And in case you didn’t know, “news flash” is an anachronism, just like your use of “phony”. Who are you, Holden Caulfield?
Actually, “phony” is featured twice. Couldn’t you have had an intern look for language that’s been current in the last 40 years? Perhaps he or she would have also redlined “greaseball”, or questioned the fact that an upperclass woman in her mid-forties would need to “learn computers”.
I’ve been to the Upper East Side of Manhattan, Mr. Allen. There’s a huge Apple store across from the Sherry Netherlands Hotel. Every socialite under fifty is swimming in Apple products, if only to check the online Social Register, their Facebook Accounts, confirm their hair and personal training appointments and restaurant reservations. So they “know” computers. Hell, I can tell you that five years ago the chair of the New York Botanical Garden Gala, who is over seventy, planned a large chunk of it via email.
But this is besides the point. The real problem with “Blue Jasmine” isn’t with the acting. Cate Blanchett is justifiably being lauded for her performance. The true issue is that you have a fundamental ignorance of the City of San Francisco, its people, and its culture. Why The San Francisco Chronicle review failed to notice that there was only one California accent in the ENTIRE film, is beyond incredible.
I’m going to clue you in on a little secret Mr. Allen. Not everyone outside of Manhattan has a New Jersey accent. I know that to you, everyone outside of your rarified social circle must seem like one homogenous mass of “wise guys” and “greaseballs”, but we actually have our own distinct lower-class culture here, with accents to match!
Do I believe that Andrew Dice Clay is from San Francisco for one moment? No! Do I believe that students “learning computers” at City College wear preppy sweaters tied around their necks, eighties-tennis style? Don’t make me laugh. Do I believe that pals made in City College classes regularly attend techno music dance parties in Tiburon? That’s simply delusional.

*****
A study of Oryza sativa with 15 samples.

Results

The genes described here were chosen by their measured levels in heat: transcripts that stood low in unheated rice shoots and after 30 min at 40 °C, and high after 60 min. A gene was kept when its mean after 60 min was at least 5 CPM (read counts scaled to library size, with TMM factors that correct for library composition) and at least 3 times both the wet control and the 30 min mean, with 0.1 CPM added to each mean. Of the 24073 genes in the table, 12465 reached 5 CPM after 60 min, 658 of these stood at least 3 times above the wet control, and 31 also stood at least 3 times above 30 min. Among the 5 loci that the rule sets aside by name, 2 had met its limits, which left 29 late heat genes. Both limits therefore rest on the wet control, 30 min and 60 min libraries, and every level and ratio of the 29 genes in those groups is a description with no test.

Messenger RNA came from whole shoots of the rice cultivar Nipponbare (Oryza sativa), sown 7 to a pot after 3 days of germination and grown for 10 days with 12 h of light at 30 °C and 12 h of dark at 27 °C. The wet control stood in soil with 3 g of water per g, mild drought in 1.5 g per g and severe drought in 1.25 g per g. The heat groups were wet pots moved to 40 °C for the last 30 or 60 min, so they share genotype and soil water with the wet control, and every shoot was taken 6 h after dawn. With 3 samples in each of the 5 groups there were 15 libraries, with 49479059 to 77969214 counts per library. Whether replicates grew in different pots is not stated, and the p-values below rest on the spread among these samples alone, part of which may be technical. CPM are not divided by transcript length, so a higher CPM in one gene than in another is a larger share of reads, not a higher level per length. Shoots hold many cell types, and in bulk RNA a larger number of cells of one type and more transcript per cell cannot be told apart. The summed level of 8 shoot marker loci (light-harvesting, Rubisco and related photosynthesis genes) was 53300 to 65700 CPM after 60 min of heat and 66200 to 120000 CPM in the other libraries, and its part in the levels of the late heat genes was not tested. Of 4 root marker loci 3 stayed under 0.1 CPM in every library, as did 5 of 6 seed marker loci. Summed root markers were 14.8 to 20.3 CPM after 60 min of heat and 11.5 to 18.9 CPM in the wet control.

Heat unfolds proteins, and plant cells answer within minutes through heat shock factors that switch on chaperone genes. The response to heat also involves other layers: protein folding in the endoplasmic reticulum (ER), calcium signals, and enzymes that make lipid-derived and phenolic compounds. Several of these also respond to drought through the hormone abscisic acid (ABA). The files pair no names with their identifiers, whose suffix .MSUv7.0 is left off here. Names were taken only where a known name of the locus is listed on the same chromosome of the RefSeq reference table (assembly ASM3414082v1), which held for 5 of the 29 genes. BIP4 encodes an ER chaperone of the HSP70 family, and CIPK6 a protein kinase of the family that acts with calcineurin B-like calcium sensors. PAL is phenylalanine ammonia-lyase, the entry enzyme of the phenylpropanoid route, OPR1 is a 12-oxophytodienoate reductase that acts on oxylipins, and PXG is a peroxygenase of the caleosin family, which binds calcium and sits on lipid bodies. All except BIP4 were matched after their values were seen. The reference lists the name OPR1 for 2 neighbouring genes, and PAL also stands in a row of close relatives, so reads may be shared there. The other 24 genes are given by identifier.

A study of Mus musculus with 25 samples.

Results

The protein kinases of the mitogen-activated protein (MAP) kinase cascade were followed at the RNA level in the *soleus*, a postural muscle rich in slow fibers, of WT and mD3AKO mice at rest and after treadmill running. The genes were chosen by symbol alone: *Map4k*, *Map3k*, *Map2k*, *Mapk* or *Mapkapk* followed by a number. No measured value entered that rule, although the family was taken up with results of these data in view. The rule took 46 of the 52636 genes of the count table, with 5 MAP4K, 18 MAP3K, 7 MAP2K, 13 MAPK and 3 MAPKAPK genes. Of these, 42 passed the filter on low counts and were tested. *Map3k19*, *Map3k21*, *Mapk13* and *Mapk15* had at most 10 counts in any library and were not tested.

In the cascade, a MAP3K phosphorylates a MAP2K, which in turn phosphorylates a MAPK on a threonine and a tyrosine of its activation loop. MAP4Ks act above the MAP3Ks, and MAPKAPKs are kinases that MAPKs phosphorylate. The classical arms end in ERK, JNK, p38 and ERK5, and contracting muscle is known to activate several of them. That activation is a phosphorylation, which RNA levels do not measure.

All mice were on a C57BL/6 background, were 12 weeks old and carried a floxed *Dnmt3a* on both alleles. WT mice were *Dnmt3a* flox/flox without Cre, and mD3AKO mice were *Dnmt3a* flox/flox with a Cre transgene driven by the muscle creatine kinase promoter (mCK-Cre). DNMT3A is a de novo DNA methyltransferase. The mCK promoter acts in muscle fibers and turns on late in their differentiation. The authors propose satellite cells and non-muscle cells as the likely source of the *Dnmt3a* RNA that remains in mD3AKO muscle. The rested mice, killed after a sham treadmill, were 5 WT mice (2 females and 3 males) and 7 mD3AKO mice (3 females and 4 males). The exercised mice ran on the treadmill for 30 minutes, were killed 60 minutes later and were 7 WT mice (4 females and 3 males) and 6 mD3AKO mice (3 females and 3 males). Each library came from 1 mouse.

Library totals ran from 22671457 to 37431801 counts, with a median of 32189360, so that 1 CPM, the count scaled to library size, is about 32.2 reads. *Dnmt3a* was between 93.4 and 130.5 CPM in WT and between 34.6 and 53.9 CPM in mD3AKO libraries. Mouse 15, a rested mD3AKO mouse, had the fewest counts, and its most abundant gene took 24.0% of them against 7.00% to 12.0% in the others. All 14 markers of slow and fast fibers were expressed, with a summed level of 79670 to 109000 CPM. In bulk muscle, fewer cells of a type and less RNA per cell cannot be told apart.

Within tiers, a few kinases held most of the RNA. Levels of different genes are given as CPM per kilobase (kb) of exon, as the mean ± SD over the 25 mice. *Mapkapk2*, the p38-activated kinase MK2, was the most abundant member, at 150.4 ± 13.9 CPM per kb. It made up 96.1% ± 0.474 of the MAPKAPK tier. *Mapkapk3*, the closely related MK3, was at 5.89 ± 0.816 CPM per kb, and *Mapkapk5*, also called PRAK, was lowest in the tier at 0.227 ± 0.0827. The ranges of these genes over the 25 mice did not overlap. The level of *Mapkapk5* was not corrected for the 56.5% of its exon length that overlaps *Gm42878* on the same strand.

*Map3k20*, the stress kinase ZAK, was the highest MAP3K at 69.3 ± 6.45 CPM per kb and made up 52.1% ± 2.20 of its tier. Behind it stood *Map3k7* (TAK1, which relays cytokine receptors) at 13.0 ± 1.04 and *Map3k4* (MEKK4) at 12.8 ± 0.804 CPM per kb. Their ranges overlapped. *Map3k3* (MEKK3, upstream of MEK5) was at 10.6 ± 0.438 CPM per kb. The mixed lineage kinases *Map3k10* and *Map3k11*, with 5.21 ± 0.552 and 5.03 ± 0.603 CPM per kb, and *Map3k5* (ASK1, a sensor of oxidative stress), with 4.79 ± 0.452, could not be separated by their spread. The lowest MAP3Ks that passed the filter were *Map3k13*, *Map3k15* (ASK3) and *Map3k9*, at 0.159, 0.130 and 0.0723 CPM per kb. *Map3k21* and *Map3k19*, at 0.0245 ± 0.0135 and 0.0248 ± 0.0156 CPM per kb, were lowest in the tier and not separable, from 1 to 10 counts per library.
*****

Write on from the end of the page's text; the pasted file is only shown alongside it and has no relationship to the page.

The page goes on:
Another question, do you actually think it’s plausible that a sophomore under the age of ninety at Boston University meets her future husband when “Blue Moon” is playing? I don’t know what you’ve seen of college culture in the last sixty years, but perhaps you’re also under the impression that co-eds are still lining up for the new film featuring Judy Garland. Fine, okay, it could have been one of the “newer” covers. College sophomores were definitely swooning over Mel Torme in the the late eighties.
I also can’t understand the Dickensian type coincidences that are the cruxes of the plot. Are there five people in NYC? I’m failing to believe that Jasmine’s sister just happens to spy Jasmine’s husband kissing another woman on the street, after the husband had been informed of the sister-in-law’s itinerary for the day.
Are there three people in San Francisco? Even if Andrew Dice Clay DID live here, he’s certainly wouldn’t be casually strolling around Neiman Marcus in Union Square AT THE PRECISE TIME HIS EX-SISTER IN-LAW IS ABOUT TO PICK OUT HER ENGAGEMENT RING. Not only are these odds close to astronomical, but his character just would not be there.
I understand why you picked San Francisco for Jasmine to re-locate to from NYC. It had to be far enough away from Manhattan society for her to reinvent herself, but it also had to have a populace of wealth AND sophistication (thereby eliminating Los Angeles) for Jasmine to find a suitably wealthy target for a mate. Why you thought getting the details of one of the world’s most iconic cities wasn’t worth your time is beyond me.
Look Mr. Allen. You’ve earned your place in the film history. No one can deny the importance of “Annie Hall”, “Sleeper”, “Radio Days” or even “Match Point”, but I feel that in your efforts to be prolific, you’ve lost the crucial importance of writing perhaps the most important of characters: the setting.
Should you ever shoot on location in San Francisco again, I’d be happy to look over your script for you. I was born here. My kids were born here. I know secret staircases, the invisible divisions of neighborhoods, what kind of people go to which kind of restaurants, and more importantly, what those people sound like.
If you are to remain in a state of Manhattanite solipsism, make sure your story locales remain within your twenty-three square mile world of forty to eighty-five years ago.